All the accumulated forces of the French establishment - the media, the employers’ organizations, the two main right-wing parties and the leaderships of the Socialist Party and the Greens - haven‘t been able to turn the tide. And what has emerged more and more clearly as the campaign has unfolded is that it‘s the "No from the left" that is making the running.
The chauvinist, reactionary, anti-European and anti-Turkish campaign of the far Right is still there but it hasn’t made much impact on the campaign. The “No from the left” is a No that is resolutely European but that wants a Europe that is everything the projected Constitution is not - social, democratic, feminist, ecologist, anti-war, internationalist.
The cutting edge of the “No from the left” is the united front campaign launched at the start of the campaign by the “Appeal of the 200”. The campaign involves, among others, the Communist Party, the LCR, Socialists and Greens opposed to the line of their party leaderships, trade unionists and global justice campaigners.
The number of local campaign collectives has multiplied so fast it’s hard to keep up with it, but it’s now not far from the thousand mark. In the last couple of weeks there have been meetings of 6,000 in Toulouse, 3,000 in Rouen, 2,000 in Clermont Ferrand.
Meetings in smaller towns and cities have seen up to 1,000 attending and in the working-class areas of Paris and its suburbs meetings of several hundred are common. Meetings are even taking place in the smallest villages. And as the campaign has unfolded, it has been reinforced by, and has in its turn reinforced, the wave of struggles that has unfolded since the start of this year.
On Saturday 21st May thousands gathered in the Place de la République, one of Paris’s main squares, for a concert-cum-meeting. They were addressed by speakers who reflected the breadth of the campaign: from the political parties there were among others CP national secretary Mare-George Buffet, Olivier Besancenot for the LCR, leading Socialists such as Jean-Luc Mélenchon and Gérard Filoche and Francine Bavay from the Greens.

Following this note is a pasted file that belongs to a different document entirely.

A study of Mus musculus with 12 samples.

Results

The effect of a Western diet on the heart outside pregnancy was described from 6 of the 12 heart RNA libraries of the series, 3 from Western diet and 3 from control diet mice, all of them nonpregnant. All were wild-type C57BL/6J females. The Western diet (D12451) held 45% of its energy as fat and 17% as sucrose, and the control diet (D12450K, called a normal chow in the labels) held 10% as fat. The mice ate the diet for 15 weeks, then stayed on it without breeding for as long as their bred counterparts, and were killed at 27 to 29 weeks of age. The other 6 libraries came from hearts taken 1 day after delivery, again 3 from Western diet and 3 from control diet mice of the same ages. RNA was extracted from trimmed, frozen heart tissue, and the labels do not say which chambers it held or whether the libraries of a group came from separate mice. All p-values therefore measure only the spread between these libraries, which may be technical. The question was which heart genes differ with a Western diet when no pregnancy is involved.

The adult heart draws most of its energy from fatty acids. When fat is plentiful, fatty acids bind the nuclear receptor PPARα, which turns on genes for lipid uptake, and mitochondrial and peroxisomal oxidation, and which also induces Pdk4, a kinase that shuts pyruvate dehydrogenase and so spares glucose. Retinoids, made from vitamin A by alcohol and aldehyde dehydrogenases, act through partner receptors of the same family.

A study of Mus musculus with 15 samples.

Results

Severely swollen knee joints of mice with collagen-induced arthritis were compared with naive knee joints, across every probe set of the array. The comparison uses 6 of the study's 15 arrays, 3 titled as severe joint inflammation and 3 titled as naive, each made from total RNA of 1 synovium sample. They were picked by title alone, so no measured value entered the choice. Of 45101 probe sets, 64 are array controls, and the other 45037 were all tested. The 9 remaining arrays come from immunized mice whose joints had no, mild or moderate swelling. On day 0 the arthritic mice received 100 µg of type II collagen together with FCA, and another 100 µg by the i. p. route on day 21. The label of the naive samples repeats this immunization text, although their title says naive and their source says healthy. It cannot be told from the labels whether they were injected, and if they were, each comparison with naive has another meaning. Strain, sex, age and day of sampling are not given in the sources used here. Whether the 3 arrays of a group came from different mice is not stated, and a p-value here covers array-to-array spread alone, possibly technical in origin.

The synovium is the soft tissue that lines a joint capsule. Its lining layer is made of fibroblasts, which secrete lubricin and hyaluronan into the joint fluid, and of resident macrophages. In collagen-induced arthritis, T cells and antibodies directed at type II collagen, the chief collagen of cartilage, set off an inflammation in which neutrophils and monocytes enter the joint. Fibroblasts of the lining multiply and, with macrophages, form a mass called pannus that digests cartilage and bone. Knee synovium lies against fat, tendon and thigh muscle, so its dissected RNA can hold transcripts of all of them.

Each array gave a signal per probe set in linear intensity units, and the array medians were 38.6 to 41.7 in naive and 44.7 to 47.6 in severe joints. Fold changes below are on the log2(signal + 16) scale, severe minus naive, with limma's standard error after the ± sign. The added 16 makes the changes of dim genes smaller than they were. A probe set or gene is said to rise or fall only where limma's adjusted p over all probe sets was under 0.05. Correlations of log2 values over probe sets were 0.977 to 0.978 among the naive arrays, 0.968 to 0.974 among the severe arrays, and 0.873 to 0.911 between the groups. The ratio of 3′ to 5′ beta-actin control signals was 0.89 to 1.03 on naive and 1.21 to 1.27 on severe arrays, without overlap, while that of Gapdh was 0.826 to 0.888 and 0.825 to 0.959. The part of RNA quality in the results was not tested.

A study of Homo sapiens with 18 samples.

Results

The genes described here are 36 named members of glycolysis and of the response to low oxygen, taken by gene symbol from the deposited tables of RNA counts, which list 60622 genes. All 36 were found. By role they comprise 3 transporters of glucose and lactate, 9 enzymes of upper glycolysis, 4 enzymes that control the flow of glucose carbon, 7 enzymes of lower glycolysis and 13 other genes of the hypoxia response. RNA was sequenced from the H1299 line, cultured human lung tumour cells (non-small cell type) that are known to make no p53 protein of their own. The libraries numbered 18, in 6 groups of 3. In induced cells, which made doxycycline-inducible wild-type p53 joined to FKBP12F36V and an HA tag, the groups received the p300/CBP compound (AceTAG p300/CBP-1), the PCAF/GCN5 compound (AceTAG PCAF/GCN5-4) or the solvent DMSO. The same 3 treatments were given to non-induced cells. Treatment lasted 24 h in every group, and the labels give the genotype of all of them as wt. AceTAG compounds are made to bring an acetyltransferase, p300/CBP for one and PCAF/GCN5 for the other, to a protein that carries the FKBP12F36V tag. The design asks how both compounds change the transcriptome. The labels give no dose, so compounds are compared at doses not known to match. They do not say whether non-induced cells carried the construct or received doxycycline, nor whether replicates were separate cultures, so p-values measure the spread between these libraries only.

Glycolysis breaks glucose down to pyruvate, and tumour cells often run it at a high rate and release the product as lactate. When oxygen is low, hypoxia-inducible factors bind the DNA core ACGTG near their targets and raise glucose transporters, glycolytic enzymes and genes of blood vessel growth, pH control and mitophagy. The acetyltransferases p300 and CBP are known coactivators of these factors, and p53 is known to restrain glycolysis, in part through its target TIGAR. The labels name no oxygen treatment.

But also speaking from the platform were peasant leader José Bové, Yves Salesse of the Fondation Copernic, a left-wing think tank that helped to launch the campaign, veteran feminist campaigner Gisèle Halimi and representatives of ATTAC, the CGT rail workers, the radical trade union federation Solidaires and the main teachers union, the FSU.
Messages were read out from supporters on other countries, among them dissident SPD leader Oskar Lafontaine from Germany and British rail workers’ leader Bob Crow.
So with one week to go there’s everything to play for and the “No” can win. And whatever happens, there is a widespread feeling among those involved in the “No from the left” campaign that something has changed in French politics.
The campaign has got people talking and thinking about politics more than most normal election campaigns do. That, and the unity that has been forged over the last six months will not just disappear the day after the vote. Particularly if the “No” is victorious, but even if the “Yes” scrapes home, new perspectives can open up for the Left that refuses the neo-liberal agenda.